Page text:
Illustrious Theatre Orchestra Unveils Pleasant Contrasts

September 16, 1996|MARK SWED | TIMES MUSIC CRITIC

Minimalism is our Baroque music. It is pattern music that expresses itself through lively rhythms and plays on predictable harmonic formulas. It is music that can stand on its own but happens to work very well in the background, and especially in the theater. And, as in the Baroque days, it is music that can be modestly made (although the music that is remembered isn't). Every town can have its Minimalist composer and Minimalist band.

Although not especially well known, the Illustrious Theatre Orchestra has tried to serve that function in Los Angeles since 1989. Its membership has changed only a little over the years, though the color of the hair of its principal composer and spokesman, Shane W. Cadman, has made the hip transition from dark to light. Its mission remains, in the band's words, "to educate the public to the music composed by [its] musicians."

To that end, Saturday night, the six-member ensemble offered a concert of seven new pieces by Cadman and saxophonist John P. Hoover at Whittier College's Ruth B. Shannon Center, with the concert recorded live for future CD release. (The ensemble has two previous discs available on Trompe l'Oreille, a label out of Anaheim.)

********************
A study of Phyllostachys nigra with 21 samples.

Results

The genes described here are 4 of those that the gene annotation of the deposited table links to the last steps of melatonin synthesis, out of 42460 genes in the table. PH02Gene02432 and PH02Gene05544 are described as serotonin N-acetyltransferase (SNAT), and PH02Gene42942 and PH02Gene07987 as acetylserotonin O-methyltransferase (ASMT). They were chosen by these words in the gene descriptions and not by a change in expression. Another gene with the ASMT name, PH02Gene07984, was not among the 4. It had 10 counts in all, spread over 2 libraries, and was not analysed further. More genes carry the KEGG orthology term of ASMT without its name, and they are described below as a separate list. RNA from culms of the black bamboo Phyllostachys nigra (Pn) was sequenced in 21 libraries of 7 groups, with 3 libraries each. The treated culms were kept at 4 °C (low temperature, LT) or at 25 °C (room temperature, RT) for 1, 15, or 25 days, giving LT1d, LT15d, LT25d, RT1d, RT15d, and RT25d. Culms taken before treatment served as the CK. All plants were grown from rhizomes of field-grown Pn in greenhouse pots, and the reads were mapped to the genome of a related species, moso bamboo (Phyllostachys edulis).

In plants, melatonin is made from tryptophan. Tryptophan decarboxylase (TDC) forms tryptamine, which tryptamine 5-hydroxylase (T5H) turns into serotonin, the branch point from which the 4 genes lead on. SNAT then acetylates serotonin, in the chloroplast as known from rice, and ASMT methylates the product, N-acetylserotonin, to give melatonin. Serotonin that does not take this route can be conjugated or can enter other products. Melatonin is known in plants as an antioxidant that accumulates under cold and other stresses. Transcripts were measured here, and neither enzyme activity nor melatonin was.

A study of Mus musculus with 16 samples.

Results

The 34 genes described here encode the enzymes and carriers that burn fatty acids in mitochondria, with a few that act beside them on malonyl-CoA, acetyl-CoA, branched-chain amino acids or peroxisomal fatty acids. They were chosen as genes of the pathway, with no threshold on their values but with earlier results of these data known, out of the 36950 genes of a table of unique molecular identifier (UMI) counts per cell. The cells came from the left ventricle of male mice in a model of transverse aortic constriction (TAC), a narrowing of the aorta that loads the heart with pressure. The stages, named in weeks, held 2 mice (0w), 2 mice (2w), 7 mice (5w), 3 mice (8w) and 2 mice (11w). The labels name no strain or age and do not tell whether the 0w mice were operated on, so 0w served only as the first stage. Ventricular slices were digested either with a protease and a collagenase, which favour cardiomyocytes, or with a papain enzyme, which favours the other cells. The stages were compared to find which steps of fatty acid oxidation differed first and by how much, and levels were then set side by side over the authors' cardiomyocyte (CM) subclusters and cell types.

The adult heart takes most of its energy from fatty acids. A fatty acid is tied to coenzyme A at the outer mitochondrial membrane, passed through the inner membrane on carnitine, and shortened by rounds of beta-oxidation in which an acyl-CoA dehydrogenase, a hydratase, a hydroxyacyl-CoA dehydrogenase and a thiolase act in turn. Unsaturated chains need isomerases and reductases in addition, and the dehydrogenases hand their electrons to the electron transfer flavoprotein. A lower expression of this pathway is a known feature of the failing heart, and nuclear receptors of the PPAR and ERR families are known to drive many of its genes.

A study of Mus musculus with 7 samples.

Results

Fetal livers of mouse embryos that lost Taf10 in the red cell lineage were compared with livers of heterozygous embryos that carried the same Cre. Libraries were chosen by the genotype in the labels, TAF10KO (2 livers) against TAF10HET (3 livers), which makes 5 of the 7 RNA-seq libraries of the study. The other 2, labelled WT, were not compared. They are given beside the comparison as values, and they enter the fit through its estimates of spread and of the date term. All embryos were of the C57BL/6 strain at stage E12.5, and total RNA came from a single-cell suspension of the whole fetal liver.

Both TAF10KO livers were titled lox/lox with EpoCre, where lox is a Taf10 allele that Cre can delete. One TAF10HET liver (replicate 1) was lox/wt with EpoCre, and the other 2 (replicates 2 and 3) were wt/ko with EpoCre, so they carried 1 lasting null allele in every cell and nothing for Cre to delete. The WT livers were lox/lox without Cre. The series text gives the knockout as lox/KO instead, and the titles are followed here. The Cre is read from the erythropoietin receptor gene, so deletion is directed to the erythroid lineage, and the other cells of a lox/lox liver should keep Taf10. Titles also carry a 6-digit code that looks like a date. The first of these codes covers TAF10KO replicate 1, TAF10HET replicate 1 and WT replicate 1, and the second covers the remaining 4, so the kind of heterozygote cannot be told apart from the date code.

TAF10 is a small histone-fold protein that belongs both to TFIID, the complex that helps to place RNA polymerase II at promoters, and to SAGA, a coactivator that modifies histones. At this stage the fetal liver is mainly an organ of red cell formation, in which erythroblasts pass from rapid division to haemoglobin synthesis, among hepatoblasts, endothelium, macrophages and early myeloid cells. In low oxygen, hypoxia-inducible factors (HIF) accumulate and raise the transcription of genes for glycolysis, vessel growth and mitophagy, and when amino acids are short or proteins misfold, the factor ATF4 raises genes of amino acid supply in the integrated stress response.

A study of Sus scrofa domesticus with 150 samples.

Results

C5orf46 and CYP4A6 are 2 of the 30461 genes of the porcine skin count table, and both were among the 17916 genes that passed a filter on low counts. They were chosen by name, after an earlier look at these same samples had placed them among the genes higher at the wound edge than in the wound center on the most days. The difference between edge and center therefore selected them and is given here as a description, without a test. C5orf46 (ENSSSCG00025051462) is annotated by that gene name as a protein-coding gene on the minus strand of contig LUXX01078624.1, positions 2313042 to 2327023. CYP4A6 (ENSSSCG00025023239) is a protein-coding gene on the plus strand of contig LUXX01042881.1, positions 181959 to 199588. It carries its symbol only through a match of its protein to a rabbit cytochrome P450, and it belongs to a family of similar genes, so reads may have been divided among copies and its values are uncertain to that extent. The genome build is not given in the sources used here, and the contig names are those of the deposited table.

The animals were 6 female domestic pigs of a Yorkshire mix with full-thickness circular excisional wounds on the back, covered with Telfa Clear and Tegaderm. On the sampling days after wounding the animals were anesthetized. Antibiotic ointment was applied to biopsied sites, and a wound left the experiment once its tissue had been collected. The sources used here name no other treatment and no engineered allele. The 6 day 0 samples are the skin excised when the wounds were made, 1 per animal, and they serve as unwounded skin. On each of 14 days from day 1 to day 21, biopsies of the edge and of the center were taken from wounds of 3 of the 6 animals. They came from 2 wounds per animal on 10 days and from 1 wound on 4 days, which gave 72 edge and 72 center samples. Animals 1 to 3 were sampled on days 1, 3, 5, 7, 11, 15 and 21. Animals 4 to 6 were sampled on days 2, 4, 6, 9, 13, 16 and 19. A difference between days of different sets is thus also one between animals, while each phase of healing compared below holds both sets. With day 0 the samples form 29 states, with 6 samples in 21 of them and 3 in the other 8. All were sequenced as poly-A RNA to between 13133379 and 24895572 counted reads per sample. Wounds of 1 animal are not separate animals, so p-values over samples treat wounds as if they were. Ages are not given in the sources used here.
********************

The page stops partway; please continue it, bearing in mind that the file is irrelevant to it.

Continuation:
The band calls itself Postmodern, rather than Minimalist, but it seems to take its harmonic and accompanimental ideas from Philip Glass, and its bright, hook-oriented melodies and repeated-note effects from Michael Nyman. Postmodernism in music is more a European than American phenomenon, and there is little evidence here of the aggressive confusions of history that is found in, say, the more colorful Italian or Dutch Postmodern composers.

Nor does the Illustrious Theatre Orchestra seem to aspire to the virtuosic, knock-'em-dead kind of Minimalism that has made other bands so popular. Instead, Cadman and Hoover favor the contrast between sections of slow, pretty, noodling melodies with the more bouncy (but not too bouncy) traditional Minimalism. It's pleasant enough to listen to but would probably find a more useful home as part of some illustrious theatrical production.

The band is composed of saxophonists Cadman and Hoover, violinist Arthur Howansky, cellist Greg Adamson, clarinetist Scott McIntosh and keyboard player Ron Shelton. One expects they will polish their live performance in the studio before they release it.